The Setsuna is a concept vehicle designed and built by Kenji Tsuji and his team of Toyota engineers. The engineers say that they chose wood as their medium for the car's build because wood changes and gains character over time as it's cared for. The idea being that the Setsuna would be passed on from generation to generation and the wood it's made from would change in hue and texture with that passing time.
The team used specific woods for various parts of the working car, including nearly all of the structure. Metal comprises only a very small part of the Setsuna's overall design. The exterior is made of Japanese cedar for long-life and its particular hue. Japanese birch makes up the framing and some chassis components because of its rigid nature. Japanese zelkova, known for its durability, was used for the flooring while castor aralia was used for the seating.
The exterior has two grain patterns that can be swapped out when desired. A straight grain gives a flowing, simple look whereas a cross grain has a more natural, characteristic appeal. To join the woods, traditional Japanese woodworking was called upon, allowing most of the joints to be secured without nails or screws. Okuriari and Kusabi techniques were used. Okuriari is a housed dovetail joint that can be easily slipped free without tools, but which holds its position when under pressure. Kusabi, a type of mortise and tenon joint, is used on framing and other structural components of the Setsuna.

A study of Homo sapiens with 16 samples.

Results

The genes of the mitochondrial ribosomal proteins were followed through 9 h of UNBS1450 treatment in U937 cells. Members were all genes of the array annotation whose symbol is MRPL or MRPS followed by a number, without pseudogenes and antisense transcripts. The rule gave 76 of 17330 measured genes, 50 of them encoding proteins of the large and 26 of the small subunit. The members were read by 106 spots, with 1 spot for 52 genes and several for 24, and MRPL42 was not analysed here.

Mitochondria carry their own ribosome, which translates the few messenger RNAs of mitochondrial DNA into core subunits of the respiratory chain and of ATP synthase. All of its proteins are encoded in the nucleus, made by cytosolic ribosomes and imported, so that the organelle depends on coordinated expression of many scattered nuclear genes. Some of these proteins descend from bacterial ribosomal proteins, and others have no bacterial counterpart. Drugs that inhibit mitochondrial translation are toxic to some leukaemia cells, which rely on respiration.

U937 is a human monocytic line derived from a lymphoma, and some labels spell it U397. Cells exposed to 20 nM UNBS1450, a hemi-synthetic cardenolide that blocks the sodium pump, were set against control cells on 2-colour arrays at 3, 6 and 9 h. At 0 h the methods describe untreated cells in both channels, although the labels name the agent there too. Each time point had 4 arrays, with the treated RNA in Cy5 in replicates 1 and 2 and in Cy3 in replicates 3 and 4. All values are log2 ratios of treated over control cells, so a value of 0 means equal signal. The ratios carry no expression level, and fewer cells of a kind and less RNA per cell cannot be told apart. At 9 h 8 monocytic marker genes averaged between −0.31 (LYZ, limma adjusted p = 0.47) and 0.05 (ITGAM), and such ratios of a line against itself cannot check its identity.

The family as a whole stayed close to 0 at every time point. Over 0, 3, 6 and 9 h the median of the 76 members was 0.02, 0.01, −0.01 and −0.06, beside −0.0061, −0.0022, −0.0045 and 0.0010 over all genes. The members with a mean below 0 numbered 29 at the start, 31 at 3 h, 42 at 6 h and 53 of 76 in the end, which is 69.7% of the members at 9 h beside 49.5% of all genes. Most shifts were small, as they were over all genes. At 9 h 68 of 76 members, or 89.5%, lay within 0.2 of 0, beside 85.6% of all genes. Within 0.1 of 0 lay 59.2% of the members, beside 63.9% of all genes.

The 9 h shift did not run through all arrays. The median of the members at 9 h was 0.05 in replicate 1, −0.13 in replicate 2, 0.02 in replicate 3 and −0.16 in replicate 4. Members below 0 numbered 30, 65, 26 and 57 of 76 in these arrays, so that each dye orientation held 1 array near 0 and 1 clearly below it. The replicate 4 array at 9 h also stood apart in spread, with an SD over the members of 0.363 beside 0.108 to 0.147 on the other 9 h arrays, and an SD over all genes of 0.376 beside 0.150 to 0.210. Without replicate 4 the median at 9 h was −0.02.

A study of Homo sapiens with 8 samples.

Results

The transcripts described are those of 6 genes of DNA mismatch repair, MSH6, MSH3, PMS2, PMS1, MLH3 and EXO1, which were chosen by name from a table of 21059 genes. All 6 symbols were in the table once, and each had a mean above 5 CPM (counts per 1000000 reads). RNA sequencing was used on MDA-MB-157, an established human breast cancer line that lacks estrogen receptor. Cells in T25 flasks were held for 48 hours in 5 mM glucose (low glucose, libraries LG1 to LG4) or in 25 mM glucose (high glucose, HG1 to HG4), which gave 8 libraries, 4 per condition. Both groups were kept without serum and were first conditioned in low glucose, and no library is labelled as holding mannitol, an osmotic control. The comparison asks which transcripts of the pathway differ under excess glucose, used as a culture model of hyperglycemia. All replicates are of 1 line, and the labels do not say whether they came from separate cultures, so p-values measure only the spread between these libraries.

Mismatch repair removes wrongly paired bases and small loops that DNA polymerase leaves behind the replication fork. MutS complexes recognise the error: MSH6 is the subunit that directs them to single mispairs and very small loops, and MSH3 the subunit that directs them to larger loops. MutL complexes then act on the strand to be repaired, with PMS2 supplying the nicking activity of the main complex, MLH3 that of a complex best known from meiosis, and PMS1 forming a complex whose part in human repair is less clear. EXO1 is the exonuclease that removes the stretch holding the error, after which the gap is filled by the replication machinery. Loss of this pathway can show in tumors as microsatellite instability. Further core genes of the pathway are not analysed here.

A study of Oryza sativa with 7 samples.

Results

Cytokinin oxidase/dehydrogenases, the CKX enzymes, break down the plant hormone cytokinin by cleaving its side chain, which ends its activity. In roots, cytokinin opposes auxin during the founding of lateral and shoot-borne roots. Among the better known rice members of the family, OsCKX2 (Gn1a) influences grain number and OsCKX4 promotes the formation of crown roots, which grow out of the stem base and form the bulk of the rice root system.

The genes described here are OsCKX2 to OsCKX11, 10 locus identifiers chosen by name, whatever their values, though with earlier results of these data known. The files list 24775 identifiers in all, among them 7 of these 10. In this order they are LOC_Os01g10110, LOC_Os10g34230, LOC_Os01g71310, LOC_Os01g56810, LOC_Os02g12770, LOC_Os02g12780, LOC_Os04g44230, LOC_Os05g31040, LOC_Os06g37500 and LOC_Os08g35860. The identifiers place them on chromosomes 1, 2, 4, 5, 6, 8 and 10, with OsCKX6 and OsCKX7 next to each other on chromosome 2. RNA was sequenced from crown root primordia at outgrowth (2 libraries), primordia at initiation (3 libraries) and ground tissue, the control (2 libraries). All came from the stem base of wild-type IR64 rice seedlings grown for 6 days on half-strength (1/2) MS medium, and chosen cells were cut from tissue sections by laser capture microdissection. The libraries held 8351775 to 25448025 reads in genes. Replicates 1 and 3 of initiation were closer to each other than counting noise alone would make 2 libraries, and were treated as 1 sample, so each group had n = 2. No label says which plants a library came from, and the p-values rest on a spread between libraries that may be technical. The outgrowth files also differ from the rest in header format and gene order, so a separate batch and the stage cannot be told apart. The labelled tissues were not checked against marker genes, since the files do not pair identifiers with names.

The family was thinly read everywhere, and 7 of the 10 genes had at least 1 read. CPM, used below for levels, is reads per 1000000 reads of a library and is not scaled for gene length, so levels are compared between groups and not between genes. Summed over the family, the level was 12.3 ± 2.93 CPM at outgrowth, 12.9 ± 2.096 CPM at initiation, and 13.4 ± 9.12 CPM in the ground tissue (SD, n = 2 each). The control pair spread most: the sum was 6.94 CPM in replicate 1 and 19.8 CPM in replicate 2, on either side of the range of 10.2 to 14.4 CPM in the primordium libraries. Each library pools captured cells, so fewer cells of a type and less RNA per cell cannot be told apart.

To finish the woods, a wipe-lacquering finish was applied by hand to many of the car's parts, including mirror housings, body banding lines, and the steering wheel. This multi-layer lacquering technique sees its applique in stages, being wiped on, with the grain, repeatedly. A few aluminum finish pieces band the Setsuna to augment the look of the aluminum steering wheel frame and wheels.
Key to the concept are the Setsuna emblem, made to symbolize the "accumulation of moments." The radial emblem mirrors the radial clock/meter inside the car, which sits on the dashboard and ticks away the time over a 100 year span. Hands on the clock denote the minutes and hours while a rolling meter denotes years.